Nick Wyborn, head of food at Incipio Group and former executive chef at Mac & Wild, tells Caroline Baldwin how the group is elevating its Pergola concept for the Canary Wharf crowd.
How does Pergola on the Wharf differ from Incipio's other sites?
The other Pergola sites have worked fantastically well – and still do today – but we wanted to create something specific for the people in Canary Wharf.
We have a loyal following in West London: Paddington has that garden vibe, with big crowds, which suits street food. But to introduce Pergola to the City crowd, we wanted to diversify our portfolio. We decided to move away from street food and bring the food in-house, building a brigade of chefs to deliver delicious food seven days a week.
Since we launched in 2015, we've moved on and grown up. We're serving food on crockery and showing London what we've learned and how we've progressed.
We're serving food on crockery and showing London what we've learned and how we've progressed
How else are you planning to diversify the business?
In addition to the great street food contacts we have made, such as Rudie's Jerk and Salt Shed, we decided to explore that area a little ourselves. We've created two street food concepts at Pergola Paddington and the Prince – a dirty burger brand called Filth & Co and a pizza brand called Nonna Madonna.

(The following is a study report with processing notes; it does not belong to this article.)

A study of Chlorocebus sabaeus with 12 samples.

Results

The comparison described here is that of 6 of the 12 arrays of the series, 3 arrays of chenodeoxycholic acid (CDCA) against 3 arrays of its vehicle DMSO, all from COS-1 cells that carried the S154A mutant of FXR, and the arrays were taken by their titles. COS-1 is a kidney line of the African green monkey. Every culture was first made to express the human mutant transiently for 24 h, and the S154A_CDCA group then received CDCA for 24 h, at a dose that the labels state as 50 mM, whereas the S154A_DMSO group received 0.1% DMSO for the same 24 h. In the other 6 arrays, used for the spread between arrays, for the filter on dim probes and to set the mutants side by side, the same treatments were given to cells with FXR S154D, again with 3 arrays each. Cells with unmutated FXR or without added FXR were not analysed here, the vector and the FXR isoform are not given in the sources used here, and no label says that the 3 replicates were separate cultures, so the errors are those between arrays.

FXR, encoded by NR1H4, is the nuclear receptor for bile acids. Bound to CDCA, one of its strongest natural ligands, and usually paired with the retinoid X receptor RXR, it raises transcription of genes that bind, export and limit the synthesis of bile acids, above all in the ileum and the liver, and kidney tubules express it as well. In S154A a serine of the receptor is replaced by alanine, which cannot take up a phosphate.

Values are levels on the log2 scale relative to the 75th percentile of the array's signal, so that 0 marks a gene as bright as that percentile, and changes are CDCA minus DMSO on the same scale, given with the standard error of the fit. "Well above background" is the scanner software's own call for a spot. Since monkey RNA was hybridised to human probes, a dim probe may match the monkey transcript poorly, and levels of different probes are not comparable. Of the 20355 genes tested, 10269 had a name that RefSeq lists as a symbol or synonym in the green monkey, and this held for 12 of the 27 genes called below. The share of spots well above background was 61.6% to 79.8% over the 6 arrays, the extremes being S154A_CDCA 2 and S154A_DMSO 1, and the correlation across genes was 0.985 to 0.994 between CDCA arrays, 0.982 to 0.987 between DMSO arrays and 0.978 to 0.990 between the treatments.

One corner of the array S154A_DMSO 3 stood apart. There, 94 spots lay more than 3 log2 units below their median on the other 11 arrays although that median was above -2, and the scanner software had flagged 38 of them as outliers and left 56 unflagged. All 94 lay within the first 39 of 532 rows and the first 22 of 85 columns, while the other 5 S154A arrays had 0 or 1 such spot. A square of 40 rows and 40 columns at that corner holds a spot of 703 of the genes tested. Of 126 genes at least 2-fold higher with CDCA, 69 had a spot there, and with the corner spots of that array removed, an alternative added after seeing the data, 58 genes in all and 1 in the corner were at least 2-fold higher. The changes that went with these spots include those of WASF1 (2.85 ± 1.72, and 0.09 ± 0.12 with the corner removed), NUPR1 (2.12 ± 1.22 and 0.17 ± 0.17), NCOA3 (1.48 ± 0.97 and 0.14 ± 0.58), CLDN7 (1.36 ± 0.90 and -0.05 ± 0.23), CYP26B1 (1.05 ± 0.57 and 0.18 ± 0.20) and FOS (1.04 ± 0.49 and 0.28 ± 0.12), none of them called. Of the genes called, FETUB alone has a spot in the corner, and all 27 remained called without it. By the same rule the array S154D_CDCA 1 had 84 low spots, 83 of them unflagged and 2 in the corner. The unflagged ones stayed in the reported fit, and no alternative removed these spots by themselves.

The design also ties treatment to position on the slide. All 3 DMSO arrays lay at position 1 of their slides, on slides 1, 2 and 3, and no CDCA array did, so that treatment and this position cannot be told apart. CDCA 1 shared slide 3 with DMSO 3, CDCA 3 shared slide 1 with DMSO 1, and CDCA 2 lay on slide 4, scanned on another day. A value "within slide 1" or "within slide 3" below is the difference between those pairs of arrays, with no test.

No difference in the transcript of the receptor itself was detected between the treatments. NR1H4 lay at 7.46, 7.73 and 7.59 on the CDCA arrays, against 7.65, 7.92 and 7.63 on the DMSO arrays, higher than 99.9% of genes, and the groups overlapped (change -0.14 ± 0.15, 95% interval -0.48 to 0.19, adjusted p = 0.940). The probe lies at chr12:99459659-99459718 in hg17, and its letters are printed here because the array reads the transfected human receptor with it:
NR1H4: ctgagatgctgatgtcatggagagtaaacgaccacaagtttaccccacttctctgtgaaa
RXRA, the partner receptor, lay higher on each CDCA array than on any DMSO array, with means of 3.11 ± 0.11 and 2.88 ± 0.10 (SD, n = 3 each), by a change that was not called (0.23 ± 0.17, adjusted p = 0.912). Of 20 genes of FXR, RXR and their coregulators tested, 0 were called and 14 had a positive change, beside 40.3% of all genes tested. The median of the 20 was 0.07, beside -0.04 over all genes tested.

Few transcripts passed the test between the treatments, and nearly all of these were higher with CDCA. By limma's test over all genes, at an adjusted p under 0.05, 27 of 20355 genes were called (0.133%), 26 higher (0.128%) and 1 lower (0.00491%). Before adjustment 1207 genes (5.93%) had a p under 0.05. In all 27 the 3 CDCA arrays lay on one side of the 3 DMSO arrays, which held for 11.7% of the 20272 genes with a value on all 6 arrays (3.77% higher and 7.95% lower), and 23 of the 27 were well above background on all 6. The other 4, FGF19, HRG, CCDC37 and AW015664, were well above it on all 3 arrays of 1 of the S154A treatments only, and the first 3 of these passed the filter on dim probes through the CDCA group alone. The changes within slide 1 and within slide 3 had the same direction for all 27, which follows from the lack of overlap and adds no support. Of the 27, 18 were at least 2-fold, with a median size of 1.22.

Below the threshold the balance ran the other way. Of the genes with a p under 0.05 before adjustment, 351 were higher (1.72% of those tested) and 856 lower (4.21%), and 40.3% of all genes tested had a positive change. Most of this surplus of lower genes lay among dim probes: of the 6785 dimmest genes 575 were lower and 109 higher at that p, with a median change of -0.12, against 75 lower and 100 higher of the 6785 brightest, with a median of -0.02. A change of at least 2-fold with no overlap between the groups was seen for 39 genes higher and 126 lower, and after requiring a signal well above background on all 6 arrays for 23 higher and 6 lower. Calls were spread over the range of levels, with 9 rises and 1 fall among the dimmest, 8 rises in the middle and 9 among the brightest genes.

It's showing what we can actually do as operators, and it felt like a natural progression for us. From a financial perspective you make a little bit more money trading your own concept and operating it yourself.
Tell us about menu development at Pergola on the Wharf.
Our ‘Earth, Land and Sea' menu came about when we visited the site. We were out on the terrace and I saw Billingsgate and thought, ‘we've got this incredible market here, we need to celebrate our food suppliers and our markets'. We also have New Covent Garden and Smithfield, so we broke the menu down into what they each sell – fish, veg and meat – to celebrate the amazing markets of London.
What are the best sellers so far?
Our big bar area is doing a lot of bar snacks. When the offices come back, I expect we'll see a bit of change, with lunches becoming stronger alongside corporate bookings. We have canapés and bowl food offerings ready to go.
Right now our top sellers are fries, blackened chicken, Launceston lamb bites, crispy crackling squid and masala south coast monkfish. I like to look into the detail of the demographic of the area, and there's really cool inspiration from being dockside.
How do you stand out in a busy London dining scene?
What makes us stand out is our people and our customers. We have a very loyal fanbase and we must be doing something right for them to come back week on week.
It's been non-stop for the group, which is on an exponential rise. We've got the right people to deliver it and a fantastic culture in our venues – it makes them magical.
What have you brought to Incipio from your time at Mac & Wild?
It's important to give the customer what they want. As a classically trained chef, you can get caught up in creativity. Sometimes all they want is what they want – that is the strongest lesson I learned at Mac & Wild. I also feel it's very important to have a commercial mindset, as well as being creative.